No one is more familiar with an old-fashioned public relations hit than Walmart, the world's largest company. Over the past decade, the retailer has been criticized for squashing the unionization of its employees, shirking on employee health care benefits and buying products that were produced in sweatshops, among other indiscretions.
In the last few years, however, Walmart has largely steered clear of headline-generating controversy. Sure, during Black Friday '08, a Walmart employee on Long Island was trampled to death by crazed shoppers. And just this March, a cringe-worthy announcement came over the public-address system of a southern New Jersey store: "Attention, Walmart shoppers: All the black people, leave the store now." Police later determined that a rogue 16-year-old boy, not an ignorant Walmart employee, was guilty of polluting the store's airwaves.
Unfortunately for Walmart, the company received a more serious setback this week. On Monday, a federal appeals court ruled that a gender-discrimination suit against the company, first filed in 2001, could move forward as a class action, a decision that could potentially cost Walmart upwards of $1 billion, inflicting a painful wound on its much-improved corporate image.
In June 2001, six current and former Walmart workers accused the company of denying equal pay to female workers. While the judge ruled that workers who left the company before the original court filing could not join the suit, lawyers for the Walmart employees say that more than 1 million female workers could be covered by the class action. Walmart asserts that fewer than 500,000 female workers are eligible to join. "No court has ever certified a class like this one, until now. And with good reason," Judge Sandra Ikuta wrote in a dissenting opinion. "In this case, six women who have worked in 13 of Wal-Mart's 3,400 stores seek to represent every woman who has worked in those stores over the course of the last decade." Walmart has said it plans to appeal the decision to the Supreme Court.
Will the controversy adversely affect Walmart's long-term prospects? Not really, say several analysts. "The anti-Walmart rhetoric has died down, and this is kind of like, O.K., here's something from yesterday," says David Strasser, a retail analyst at Janney Montgomery Scott. "Even a financial settlement is not going to affect Walmart's ability to spend in order to grow." Walmart generated $405 billion in sales, and $14.3 billion in profit, in 2009. Sure, if a trial drags on and the company is forced to dole out a massive $1 billion payout, it will suffer a short-term hit to its profits and share price. But if Walmart's Supreme Court appeal falls short, the company will likely settle for a much lower amount. Further, some recent settlements have barely caused a blip: in the fourth quarter of 2008, for example, Walmart settled 63 wage and hour class actions, resulting in a pre-tax charge of approximately $382 million. "The stock may take a hit that day," says Joe Feldman, retail analyst at Telsey Advisory Group, referring to a possible settlement or adverse ruling. "But then people would just move on."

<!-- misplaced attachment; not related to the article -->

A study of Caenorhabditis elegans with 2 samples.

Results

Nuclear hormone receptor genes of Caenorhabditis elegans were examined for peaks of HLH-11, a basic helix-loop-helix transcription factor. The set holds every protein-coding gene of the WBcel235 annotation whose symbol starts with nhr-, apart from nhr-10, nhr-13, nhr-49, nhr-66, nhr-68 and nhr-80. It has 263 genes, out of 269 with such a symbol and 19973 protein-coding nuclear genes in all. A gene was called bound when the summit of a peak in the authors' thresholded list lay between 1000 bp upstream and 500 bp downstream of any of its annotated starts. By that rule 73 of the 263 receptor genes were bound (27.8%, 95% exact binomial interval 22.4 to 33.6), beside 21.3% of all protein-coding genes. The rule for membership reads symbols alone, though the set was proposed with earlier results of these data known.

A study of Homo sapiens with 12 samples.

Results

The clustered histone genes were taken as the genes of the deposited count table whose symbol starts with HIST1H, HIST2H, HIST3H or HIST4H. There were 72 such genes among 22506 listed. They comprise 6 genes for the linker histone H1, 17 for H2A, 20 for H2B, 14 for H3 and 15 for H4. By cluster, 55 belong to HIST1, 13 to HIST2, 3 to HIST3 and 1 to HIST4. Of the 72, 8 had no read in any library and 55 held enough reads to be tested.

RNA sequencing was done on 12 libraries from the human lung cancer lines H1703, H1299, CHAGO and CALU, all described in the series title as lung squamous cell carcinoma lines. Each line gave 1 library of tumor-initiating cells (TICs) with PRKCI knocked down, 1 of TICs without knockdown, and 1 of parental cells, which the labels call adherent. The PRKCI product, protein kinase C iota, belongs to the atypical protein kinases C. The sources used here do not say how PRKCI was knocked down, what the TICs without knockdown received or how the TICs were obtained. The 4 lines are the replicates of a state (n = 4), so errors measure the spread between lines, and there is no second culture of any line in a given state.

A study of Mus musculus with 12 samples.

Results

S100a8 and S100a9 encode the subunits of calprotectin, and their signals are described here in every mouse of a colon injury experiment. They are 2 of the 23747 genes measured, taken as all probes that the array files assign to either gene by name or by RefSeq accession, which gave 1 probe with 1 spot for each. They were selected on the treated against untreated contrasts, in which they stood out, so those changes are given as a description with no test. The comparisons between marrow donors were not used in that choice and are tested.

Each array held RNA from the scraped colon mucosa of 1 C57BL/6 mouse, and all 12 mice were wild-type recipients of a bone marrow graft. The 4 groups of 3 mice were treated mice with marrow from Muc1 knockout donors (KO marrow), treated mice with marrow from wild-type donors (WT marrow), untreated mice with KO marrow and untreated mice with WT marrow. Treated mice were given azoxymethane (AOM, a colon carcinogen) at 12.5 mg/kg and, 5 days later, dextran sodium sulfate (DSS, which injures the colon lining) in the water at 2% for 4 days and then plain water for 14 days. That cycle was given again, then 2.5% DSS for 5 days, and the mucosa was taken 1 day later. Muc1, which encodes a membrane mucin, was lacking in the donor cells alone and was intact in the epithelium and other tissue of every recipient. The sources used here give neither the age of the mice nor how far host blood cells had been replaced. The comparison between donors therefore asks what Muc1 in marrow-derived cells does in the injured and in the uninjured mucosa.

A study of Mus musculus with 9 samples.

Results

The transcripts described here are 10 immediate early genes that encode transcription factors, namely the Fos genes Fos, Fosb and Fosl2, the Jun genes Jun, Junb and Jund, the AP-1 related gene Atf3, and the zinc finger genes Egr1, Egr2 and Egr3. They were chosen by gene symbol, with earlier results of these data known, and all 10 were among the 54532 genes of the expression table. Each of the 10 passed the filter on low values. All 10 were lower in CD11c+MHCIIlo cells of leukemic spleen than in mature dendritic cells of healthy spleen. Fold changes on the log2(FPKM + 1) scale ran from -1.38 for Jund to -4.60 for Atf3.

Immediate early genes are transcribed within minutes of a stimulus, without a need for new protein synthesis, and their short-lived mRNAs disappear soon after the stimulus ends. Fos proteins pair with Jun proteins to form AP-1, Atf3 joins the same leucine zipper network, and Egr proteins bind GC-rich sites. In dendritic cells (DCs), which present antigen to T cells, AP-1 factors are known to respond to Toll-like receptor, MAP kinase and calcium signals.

Women are Walmart's core shoppers, and they could be turned off by the company's behavior. But will they leave the discounter en masse to shop somewhere else? "If I've learned one thing, it's that you have to do something really awful to screw up your customer base, especially if you're a discounter," says Britt Beemer, chairman of America's Research Group, which has been conducting consumer research for more than 25 years. When Walmart was receiving bad labor-relations press a few years back, Beemer polled the company's customers and found that only 6% of them even cared about the issue. No one indicated that they would stop shopping at Walmart because of the company's employment practices. A somewhat vague, nine-year-old class action, based on the claims of six women, likely won't change shopping habits now.
"I'll tell you what makes the customer unhappy," says Beemer. "Overcharging them repeatedly." Walmart will never have this problem. The world's largest company has an ugly legal battle on its hands. It won't have to fight as hard for the frugal consumer.